Good editor here support comes from two tools, ocp-indent and Merlin. Ocp-indent is a utility for indenting OCaml files (the ocp is from OCaml Pro, the company that made it), and Merlin supplies modern IDE features (auto-completion and the like) for OCaml. For more on using Merlin with Vim also see this page. Because most OCaml programmers use either Emacs or Vim, the OCaml community has naturally added ocp-indent and Merlin support to them first.
This page is about getting Vim set up on a Unix-style system (especially OS X), and some rudimentary use.
The following directions are not the only way to do this, the linked web pages for the various tools explain in detail the various options for installation. Nor are they guaranteed to work: depending on the state of your computer – which packages, and package managers it has installed, etc. – they might fail. So regard them as a guide to one easy-ish way to get everything up and running, but not as a foolproof recipe to unthinkingly follow.
I assume that you know how to use the command line and Vi or Vim at a basic level. The WWW is full of Vim tutorials, including an online interactive tutorial.
ruby -e "$(curl -fsSL https://raw.githubusercontent.com/Homebrew/install/master/install)"
Use Homebrew to install the software.
brew install ocaml
brew install opam
brew install macvim
OS X comes with a terminal-only Vim, which is fine, but the MacVim version is better: it acts like a Mac application with mouse support, cut and paste, etc.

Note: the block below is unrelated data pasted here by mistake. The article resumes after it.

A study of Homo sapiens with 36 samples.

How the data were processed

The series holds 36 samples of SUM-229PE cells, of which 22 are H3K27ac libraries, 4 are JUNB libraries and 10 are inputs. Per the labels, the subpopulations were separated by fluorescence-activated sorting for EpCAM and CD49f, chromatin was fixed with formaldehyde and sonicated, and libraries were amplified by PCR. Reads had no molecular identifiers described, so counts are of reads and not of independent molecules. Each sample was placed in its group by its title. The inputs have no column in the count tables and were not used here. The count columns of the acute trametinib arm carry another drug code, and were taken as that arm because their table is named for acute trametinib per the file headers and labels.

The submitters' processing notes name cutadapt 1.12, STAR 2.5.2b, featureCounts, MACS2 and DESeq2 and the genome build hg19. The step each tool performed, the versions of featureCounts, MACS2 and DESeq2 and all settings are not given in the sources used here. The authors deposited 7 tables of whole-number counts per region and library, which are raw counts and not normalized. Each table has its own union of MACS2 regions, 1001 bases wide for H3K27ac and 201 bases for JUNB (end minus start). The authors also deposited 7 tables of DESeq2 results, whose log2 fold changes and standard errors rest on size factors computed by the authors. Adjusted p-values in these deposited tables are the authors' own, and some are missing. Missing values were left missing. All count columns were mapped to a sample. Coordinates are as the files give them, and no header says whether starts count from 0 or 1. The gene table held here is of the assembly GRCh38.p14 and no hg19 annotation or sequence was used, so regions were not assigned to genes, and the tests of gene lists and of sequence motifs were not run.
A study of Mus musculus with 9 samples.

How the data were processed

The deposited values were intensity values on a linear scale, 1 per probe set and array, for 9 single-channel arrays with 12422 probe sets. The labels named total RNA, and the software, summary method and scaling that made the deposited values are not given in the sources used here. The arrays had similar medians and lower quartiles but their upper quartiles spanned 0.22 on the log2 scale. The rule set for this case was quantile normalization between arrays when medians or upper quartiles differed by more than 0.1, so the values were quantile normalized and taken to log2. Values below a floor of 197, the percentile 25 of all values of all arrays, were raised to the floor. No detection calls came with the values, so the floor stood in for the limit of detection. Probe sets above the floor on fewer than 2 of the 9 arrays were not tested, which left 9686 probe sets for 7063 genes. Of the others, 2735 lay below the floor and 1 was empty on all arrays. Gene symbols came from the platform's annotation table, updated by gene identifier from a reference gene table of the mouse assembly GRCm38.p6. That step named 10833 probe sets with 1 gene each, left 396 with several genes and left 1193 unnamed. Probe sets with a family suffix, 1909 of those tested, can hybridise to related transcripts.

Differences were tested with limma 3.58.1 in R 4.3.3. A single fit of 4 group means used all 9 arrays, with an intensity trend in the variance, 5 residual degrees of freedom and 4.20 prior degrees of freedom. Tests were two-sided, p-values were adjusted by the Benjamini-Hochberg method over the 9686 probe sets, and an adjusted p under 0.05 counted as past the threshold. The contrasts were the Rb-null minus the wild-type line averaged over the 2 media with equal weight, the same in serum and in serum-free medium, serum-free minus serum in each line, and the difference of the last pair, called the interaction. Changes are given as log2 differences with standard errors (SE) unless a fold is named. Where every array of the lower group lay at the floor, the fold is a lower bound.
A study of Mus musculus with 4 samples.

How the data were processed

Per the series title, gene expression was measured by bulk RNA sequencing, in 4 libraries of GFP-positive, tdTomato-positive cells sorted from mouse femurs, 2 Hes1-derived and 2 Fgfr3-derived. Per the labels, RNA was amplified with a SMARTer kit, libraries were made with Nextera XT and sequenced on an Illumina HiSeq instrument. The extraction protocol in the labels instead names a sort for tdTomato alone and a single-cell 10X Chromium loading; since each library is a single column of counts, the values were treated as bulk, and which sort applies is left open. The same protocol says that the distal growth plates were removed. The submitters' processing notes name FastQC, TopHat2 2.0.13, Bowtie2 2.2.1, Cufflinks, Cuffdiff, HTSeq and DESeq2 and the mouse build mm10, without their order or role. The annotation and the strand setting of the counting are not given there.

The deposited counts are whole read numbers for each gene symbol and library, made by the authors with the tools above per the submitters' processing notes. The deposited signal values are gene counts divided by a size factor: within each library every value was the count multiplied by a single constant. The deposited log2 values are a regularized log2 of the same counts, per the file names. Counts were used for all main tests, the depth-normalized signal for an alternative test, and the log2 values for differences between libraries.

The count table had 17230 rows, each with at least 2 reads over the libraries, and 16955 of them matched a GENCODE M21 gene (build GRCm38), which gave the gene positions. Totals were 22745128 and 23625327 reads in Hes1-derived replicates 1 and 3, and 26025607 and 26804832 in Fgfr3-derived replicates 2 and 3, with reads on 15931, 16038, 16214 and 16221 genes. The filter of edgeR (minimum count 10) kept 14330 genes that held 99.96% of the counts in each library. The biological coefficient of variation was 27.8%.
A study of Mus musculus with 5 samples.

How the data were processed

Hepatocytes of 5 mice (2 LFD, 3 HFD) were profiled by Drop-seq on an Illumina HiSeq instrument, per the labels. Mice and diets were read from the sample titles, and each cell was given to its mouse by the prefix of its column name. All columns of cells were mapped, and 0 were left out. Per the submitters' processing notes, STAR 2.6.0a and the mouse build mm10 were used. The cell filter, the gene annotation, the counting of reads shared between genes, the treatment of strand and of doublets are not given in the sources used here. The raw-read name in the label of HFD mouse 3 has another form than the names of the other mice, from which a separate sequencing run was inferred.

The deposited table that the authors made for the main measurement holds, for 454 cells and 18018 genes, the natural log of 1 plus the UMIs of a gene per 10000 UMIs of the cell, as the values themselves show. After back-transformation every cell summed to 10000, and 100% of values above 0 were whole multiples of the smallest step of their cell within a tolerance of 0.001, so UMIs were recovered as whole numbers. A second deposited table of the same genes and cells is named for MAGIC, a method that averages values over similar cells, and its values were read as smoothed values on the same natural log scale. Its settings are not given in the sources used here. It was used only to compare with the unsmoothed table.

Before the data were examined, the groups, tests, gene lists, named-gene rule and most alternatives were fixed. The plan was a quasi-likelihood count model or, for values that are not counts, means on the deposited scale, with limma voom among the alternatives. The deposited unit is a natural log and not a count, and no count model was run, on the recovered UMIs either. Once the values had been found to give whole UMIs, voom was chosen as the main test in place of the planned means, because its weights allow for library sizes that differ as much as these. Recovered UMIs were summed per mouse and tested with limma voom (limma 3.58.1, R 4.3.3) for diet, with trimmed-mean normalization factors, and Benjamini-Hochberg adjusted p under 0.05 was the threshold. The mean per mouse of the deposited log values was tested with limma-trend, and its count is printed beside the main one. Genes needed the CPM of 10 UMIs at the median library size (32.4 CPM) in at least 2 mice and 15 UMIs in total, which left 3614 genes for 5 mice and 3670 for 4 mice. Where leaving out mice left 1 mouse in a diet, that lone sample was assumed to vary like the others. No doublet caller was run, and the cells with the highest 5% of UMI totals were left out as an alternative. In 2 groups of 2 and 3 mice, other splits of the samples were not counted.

Make sure that you have a recent OCaml, 4.02 or higher. 4.02.3 is current as of the writing of this page.
OPAM puts everything in the
.opam subdirectory of your
If you already have OPAM, you can update it with
update and upgrade all of the packages you've already installed
opam upgrade. In either case, you might want to do this
in the future.
opam install merlin
opam install ocp-indent
opam install ppx_deriving
opam install extlib
mkdir -p ~/.vim/autoload ~/.vim/bundle
Put this file into the ~/.vim/autoload directory.
git clone https://github.com/def-lkb/ocp-indent-vim.git
git clone https://github.com/scrooloose/syntastic.git
git clone https://github.com/tpope/vim-sensible.git
ocp-indent-vim specialises ocp-indent to work with Vim. It is recommended over the default setup from OPAM in this generally useful blog post. Syntastic checks for syntax errors whenever you save your file. Vim-sensible gives a modern, basic configuration for Vim; it gets Vim into a state where the other extensions will work.
let g:opamshare = substitute(system('opam config var share'),'\n$','','''')
execute "set rtp+=" . g:opamshare . "/merlin/vim"
let g:syntastic_ocaml_checkers = ['merlin']
Type a simple OCaml program into it.
let x = 1
Move the cursor over x and type
\t. At the bottom of the
screen the type
int of x should be displayed.
In a program with a type error (
let x = 1 1), a red arrow
should appear in the left column when the file is saved.
Lastly, check which indenter is running.
The result should be
indentexpr=ocpindent#OcpIndentLine(). Any answer not
referring to OcpIndent indicates that the (poor) Vim default OCaml
indenter is running. This shouldn't happen, but it did when I was setting
everything up for myself. Although I don't know how to fix it properly,
you can hack around it be removing the default indenter from Vim. Use
:scriptnames command in Vim to check which scripts are
running. Look for the ones named
There should be the good one in
~/.vim/bundle/ocp-indent-vim/indent/ocaml.vim, and a bad one
somewhere else inside of your Vim installation (in my case in
Simply move the bad one out of the way.